Dear National Council, Please Repeal Sections 213 & 214.
I write this petition on behalf of Bhutanese who identify as LGBTIQ (lesbian, gay, bisexual, trans, intersex, queer). If we are to go by the Kinsey Scale estimate of 9-10% of total population identifying as LGBTIQ, I could be writing this on behalf of at least 72,000 Bhutanese. This is the number of Bhutanese in Chhukha, the second most populous dzongkhag in the country (according to the NSB, Chhukha had almost 69,000 people in 2017). This is just to put things in perspective.
MPs have asked me for exact numbers in Bhutan. I cannot produce these exact numbers as 90% of the LGBTIQ population are closeted due to fear of being judged and harassed. The little information we have is also collected thanks to the Health Ministry wanting to map MSM (men having sex with men) for health reasons. This population is sadly not even identified as vulnerable/ at risk despite being among the most vulnerable social groups.
We understand the need for deliberation and legal process in parliament, but we would like our MPs to understand this from a standpoint that is not heteronormative. There are incidences of gay men being victims of blackmail and extortion because of sections 213 & 214 (SAHRA Human Rights Violations Report 2019). There are transwomen being raped and not being able to report the violation because of the same sections.
The existence of these two sections in the Penal Code are antithetical to section 15 under Article 7 of the Constitution of Bhutan that states: "All persons are equal before the law and are entitled to equal and effective protection of the law and shall not be discriminated against on the grounds of race, sex, language, religion, politics or other status."
Bhutan may not be a homophobic country, but the two sections 213 & 214 clearly demonstrate a bias against gay sex. To the outside world, we have criminalised homosexuality and thousands of Bhutanese for their SOGIE (Sexual Orientation and Gender Identity Expression). We continue to cry ourselves hoarse by telling anyone willing to listen that no one has been incarcerated due to the two sections. That we are not homophobes. But does it matter? What's written in black and white carries more weight. People will believe the law. Not opinions.
There is the opinion that we ought not to look outside as we are very Bhutanese in our ways, but the two sections did not even originate from within Bhutanese law. They are legal imports. We are also being asked to be patient via comparison to the worst example of India having taken more than a 100 years to enact their equality law.
The world is only waking up to sustainable development now. Bhutan is a pioneer in sustainable development thanks to our beloved development philosophy of Gross National Happiness (GNH). Must we now wait just because we are afraid of being "revolutionary"? Our 4th Druk Gyalpo revolutionised the concept of development by turning his back on GDP as a measure of progress.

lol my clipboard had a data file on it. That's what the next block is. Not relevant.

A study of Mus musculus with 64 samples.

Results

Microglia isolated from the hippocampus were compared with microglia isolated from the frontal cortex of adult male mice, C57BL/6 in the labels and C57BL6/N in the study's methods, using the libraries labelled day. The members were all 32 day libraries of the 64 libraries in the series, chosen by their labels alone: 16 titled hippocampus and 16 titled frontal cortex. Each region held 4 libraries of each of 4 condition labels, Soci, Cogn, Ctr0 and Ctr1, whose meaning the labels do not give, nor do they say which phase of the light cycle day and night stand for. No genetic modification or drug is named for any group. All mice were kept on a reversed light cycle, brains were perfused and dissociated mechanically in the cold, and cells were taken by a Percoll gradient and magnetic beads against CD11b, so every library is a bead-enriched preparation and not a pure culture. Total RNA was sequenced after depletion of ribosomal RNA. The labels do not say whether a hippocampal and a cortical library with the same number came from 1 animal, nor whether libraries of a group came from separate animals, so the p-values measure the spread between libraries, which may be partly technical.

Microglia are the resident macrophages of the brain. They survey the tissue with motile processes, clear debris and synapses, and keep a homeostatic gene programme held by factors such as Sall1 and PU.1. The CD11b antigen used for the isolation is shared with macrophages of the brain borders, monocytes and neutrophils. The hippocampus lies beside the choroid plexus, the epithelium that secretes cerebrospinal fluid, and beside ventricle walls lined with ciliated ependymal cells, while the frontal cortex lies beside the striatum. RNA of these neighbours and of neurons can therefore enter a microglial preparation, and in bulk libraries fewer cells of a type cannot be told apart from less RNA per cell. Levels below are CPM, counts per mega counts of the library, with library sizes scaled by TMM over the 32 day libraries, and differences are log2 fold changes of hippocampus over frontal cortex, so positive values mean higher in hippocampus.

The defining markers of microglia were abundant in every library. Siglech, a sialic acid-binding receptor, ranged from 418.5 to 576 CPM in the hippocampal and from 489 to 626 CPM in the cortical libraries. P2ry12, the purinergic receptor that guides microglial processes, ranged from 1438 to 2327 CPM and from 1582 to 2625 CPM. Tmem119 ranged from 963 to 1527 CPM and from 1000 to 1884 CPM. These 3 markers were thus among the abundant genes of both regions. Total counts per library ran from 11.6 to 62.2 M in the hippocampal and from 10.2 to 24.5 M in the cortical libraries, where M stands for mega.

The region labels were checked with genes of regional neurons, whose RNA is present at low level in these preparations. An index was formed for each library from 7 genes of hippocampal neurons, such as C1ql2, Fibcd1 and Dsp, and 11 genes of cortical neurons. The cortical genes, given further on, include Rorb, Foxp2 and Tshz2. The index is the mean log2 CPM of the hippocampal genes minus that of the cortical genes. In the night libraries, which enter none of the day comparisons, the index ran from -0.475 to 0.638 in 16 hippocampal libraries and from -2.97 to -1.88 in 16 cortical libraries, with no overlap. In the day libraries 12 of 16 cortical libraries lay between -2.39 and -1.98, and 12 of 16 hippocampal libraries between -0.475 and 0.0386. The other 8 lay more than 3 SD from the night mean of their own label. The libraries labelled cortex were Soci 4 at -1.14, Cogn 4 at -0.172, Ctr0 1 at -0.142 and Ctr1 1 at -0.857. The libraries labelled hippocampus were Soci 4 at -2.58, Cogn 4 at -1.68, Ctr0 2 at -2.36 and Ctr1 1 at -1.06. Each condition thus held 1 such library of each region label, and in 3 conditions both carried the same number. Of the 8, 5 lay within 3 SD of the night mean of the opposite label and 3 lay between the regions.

One of the pillars of GNH is Good Governance. According to UNESCAP, "Good governance has 8 major characteristics. It is participatory, consensus oriented, accountable, transparent, responsive, effective and efficient, equitable and inclusive and follows the rule of law. It assures that corruption is minimized, the views of minorities are taken into account and that the voices of the most vulnerable in society are heard in decision-making. It is also responsive to the present and future needs of society." Is the current position of the National Council to not repeal clauses 213 & 214 good governance?
We beseech the MPs of the National Council to repeal these redundant laws as they threaten more than they help Bhutanese citizens. We write this having full confidence in the existence of current laws related to sexual crimes. Perhaps these laws can be changed to accommodate the fears of bestiality and necrophilia? The LGBTIQ population gets unfairly clubbed together with people who suffer from pathological abnormalities due to the phrase "unnatural sex". Being LGBTIQ is not abnormal.
The definition of what is natural or unnatural sex ought to take into account the idea of consent. If consent is involved, then what two people do in private should not concern any of us. If consent is absent, then the act of forced penetration/ sex can be classified as rape. There are adequate laws in the Code to address this.
This is not a petition to demand LGBTIQ rights. This is a petition to our Honourable MPs to recognise that Bhutanese who are LGBTIQ are humans too with the same fears and hopes as you. The only difference is that you are in a position to better their lives through the repeal.
It is our fervent hope and prayer that our MPs will choose to better the lives of all Bhutanese on 7th February 2020.